U.S. Attorney responds to CPS criticism over raids


JACKSON, Miss. (WJTV)-The Mississippi Department of Child Protection Services says it should’ve been involved prior to
the immigration raids. We’re hearing from U.S. Attorney Mike Hurst on why he says the agency wasn’t contacted.

Hurst says he can’t recall any time he’s contacted a non-law enforcement agency and given advanced notice.

Hurst and ICE have been criticized after children were separated from their parents. Hurst says he reached out to CPS after the raid August 7.

“That night I got a request from a pastor in Jackson that I knew who had reports that children were separated and so I reached out to commissioner Jess Dickinson over at child protective services, and I got all the information and made sure I got it over to that pastor that night, and the next morning we included all the information CPS had given us and sent that out in a press release for anyone who had information that a child was without a parent, they had a duty to call CPS to reunite them,” said Hurst.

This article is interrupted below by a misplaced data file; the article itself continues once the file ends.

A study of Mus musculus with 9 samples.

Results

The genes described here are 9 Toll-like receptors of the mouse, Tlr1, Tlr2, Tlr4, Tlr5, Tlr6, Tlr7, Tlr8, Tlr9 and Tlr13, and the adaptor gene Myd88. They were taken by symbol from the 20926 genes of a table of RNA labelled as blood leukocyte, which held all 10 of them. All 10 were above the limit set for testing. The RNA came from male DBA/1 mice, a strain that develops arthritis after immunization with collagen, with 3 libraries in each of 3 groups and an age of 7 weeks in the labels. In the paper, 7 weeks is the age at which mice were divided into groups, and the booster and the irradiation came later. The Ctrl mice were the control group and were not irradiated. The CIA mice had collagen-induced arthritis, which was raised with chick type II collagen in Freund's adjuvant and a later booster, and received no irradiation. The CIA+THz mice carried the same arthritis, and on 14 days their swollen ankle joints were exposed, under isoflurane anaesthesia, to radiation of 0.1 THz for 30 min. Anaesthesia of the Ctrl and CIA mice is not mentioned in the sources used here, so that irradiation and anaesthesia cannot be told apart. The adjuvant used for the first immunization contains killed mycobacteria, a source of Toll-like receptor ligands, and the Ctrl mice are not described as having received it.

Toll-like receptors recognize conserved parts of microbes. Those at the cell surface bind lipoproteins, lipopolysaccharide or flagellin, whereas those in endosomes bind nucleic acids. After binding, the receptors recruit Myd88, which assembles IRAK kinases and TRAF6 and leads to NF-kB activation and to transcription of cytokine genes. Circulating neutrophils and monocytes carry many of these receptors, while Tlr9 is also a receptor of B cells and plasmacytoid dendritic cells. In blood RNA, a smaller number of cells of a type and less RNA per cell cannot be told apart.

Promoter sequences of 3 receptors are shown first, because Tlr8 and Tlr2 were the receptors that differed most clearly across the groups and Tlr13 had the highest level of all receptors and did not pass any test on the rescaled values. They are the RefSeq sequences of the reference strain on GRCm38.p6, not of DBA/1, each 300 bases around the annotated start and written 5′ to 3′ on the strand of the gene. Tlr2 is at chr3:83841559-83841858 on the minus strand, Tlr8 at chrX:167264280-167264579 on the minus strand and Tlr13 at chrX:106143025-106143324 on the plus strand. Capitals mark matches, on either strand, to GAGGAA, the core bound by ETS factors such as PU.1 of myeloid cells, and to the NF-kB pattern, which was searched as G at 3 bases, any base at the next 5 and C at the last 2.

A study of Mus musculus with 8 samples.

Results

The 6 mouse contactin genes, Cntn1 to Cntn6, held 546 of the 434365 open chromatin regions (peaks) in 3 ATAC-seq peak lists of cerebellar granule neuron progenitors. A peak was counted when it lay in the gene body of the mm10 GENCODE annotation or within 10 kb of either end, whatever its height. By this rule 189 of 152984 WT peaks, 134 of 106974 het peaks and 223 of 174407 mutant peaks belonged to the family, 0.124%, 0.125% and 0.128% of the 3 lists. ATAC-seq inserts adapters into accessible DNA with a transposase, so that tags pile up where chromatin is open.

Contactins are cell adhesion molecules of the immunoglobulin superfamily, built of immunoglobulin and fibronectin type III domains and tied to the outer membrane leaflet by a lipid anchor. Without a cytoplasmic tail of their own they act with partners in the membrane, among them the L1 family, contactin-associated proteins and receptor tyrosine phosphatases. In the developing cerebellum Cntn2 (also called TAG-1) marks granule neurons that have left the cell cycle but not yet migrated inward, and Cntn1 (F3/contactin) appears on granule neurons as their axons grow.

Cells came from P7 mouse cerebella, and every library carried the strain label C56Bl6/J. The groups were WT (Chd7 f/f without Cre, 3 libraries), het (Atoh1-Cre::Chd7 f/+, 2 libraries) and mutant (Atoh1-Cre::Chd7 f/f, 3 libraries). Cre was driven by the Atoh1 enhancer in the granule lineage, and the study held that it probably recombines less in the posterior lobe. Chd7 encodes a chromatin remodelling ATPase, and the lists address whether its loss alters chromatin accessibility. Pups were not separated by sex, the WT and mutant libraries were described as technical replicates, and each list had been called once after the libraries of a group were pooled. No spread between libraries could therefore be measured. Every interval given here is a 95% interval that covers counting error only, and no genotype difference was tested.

CPS says Hurst called the commissioner around 1 a.m. August 8 to tell him about the two children, and Hurst was then given the hotline number. They say they weren’t included before the raids or immediately afterward. The spokesperson says the conversation with the commissioner was brief and a response to the raid involving the children and families wasn’t discussed.

“If we are to indicate or notify someone who is not in law enforcement there is potential that evidence of the crime could be destroyed,” said Hurst. “It could be tipped off. They could hide evidence.”

Hurst says every child he knows of was reunited with a parent within 24 hours of the raids. He says if they weren’t, it was the parents fault for not telling ICE there was a child at home.

CPS says it went ahead and activated its emergency response plan as soon as they found out about the raids. No children had to be placed in foster or group homes.